By Sharon Gnatt Epel
Continued from part 1 of this article…..
* Oxybenzone (a derivative of benzophenone) – is another chemical that has been implicated in causing hormonal disruption to the body. It can penetrate the skin and be absorbed by the body. The FDA has long approved its use as a broad spectrum SPF (blocking both UVA and UVB radiation) for anyone older than 6 months. But many toxicologists and consumer protection agencies like the Environmental Working Group and the European equivalent of the FDA disagree. In fact, in Europe, any product containing more than 0.5% of this chemical must display a warning label telling consumers that it “Contains oxybenzone.”
* Retinyl palmitate is another chemical that has recently come under scrutiny. A form of Vitamin A, research has shown that retinyl palmitate can potentially increase the risk of skin cancer (tumors) when exposed directly to the sun. This makes it all right for use in a night cream, but a questionable if not downright risky choice for use in a sunscreen.
* Avobenzone is one of the most popular sunscreens on the market and considered one of the less harmful SPFs. However, it is a free radical generator. Free radicals, you may recall, are atoms that have an odd number of electrons (unpaired) in their outer shell making them essentially unstable. They actively seek out other molecules from whom they can “steal” electrons, setting off a chain reaction that causes damage to the molecule and the cell that it is in. Free radicals are thought to be a major cause of degenerative disease and premature aging.
So what’s a responsible, health-conscious adult to do?
The answer may lie in seeking out safer, more natural alternatives.
One easy way to avoid sunburn is to don protective clothing. Specialty manufacturers now make broad-rimmed hats, shirts, jackets, gloves and socks that have an ultraviolet protection factor (UPF). Unlike SPFs which generally protect against UVA only, the UPF number indicates the effectiveness of the garment against both UVB and UVA ultraviolet rays. Just like SPF ratings, UPF scores range from low to high as an indicator of their efficacy. I am a fan of this clothing because it is light, comfortable, and perfect for children and adults who live in areas of high-elevation. It is also very helpful to those of us who are involved in water sports since water magnifies the sun’s rays and increases the risk of sunburn. You can Google “sun protection clothing” for links to companies that carry these types of garments.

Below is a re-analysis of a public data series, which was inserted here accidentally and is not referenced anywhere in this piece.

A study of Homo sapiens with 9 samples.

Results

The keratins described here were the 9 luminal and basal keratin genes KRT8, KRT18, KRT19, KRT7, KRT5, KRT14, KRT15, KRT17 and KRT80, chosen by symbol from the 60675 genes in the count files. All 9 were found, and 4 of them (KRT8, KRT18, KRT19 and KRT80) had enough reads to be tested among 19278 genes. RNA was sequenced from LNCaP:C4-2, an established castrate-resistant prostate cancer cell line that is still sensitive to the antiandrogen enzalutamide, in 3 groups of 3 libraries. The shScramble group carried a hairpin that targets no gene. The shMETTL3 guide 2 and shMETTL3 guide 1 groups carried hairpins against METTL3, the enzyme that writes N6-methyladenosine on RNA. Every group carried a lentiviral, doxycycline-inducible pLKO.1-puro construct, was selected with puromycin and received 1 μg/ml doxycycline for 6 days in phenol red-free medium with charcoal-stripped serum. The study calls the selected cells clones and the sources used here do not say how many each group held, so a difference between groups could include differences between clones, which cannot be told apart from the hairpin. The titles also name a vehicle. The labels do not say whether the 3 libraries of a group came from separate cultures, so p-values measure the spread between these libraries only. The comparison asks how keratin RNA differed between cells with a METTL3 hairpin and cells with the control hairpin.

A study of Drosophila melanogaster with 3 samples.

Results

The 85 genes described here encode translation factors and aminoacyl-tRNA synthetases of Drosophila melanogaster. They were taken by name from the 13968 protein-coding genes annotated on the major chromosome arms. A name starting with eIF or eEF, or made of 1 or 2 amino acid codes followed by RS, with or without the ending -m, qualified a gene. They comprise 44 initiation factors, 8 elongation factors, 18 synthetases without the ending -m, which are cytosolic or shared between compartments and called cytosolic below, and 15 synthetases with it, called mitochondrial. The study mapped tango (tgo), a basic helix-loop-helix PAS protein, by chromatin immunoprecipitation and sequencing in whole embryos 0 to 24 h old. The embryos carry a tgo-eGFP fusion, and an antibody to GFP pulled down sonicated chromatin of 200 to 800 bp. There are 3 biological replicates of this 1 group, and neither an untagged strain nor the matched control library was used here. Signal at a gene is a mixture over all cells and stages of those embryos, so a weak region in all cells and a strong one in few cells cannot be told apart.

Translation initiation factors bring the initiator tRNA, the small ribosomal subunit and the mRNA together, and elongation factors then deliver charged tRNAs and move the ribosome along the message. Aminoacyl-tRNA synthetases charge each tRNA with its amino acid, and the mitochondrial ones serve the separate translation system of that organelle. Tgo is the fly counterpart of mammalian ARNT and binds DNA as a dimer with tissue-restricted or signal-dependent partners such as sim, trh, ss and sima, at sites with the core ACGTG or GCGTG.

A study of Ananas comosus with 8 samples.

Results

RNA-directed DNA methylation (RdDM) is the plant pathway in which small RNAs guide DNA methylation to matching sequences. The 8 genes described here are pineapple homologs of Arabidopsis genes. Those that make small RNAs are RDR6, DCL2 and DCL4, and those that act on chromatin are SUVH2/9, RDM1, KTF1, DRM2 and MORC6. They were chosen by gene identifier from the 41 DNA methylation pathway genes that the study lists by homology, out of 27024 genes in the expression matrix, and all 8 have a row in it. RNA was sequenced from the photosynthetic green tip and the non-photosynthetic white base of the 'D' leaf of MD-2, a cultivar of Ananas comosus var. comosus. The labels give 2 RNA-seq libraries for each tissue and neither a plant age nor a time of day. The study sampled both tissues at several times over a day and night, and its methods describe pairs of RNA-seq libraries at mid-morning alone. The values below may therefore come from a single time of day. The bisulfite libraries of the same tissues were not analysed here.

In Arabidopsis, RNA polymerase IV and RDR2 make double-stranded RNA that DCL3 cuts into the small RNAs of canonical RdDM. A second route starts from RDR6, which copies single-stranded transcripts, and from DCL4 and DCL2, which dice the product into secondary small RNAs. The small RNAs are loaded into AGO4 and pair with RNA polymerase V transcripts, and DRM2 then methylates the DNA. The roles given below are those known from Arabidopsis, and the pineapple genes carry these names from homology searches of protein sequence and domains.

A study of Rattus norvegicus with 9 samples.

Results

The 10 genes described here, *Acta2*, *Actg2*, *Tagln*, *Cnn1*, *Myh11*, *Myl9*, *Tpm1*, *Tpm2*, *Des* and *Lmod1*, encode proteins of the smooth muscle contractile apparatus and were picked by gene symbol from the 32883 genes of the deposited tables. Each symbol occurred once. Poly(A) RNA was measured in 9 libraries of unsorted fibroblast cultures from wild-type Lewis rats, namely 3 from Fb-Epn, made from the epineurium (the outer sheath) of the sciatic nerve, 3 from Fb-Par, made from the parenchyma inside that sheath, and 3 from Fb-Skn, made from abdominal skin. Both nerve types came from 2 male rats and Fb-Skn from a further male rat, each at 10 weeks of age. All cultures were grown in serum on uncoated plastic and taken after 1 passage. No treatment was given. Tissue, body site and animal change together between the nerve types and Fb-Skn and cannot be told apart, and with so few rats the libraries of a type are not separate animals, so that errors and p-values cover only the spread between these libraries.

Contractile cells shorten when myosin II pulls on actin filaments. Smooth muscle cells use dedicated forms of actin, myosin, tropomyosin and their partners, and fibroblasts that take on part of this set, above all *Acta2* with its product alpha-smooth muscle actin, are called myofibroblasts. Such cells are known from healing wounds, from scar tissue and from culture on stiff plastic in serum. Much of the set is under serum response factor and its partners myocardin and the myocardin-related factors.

Zinc oxide and titanium dioxide are two safer sunscreen ingredient options that have been around for a long time and worth pursuing. That is, unless they have been micronized – oops! – a process also known as nanotechnology, that reduces the size of a molecule so drastically that it can pass through the layers of the skin and find its way into the bloodstream. This process was originally devised to reduce the amount of white residue left behind by zinc oxide and titanium dioxide that looked unsightly and tended to settle in people’s wrinkles.
The Environmental Working Group’s 2013 Guide to Sunscreens contains a list of safer alternatives, and other interesting information about sunscreen, high SPFs (are they really longer lasting?), the inclusion of SPFs in lip balms and cosmetics, and the latest research about their potential risk to your health.
In the meantime, please take precautions and use common sense when being outdoors for long periods of time. Remember: a sunburn may not hurt for very long, but the damage it causes will last forever.
– Copyright August 2013 by Sharon Gnatt Epel for La Isha Natural Skin Care
– Sharon Gnatt Epel is the CEO/Founder, La Isha Natural & Organic Skincare.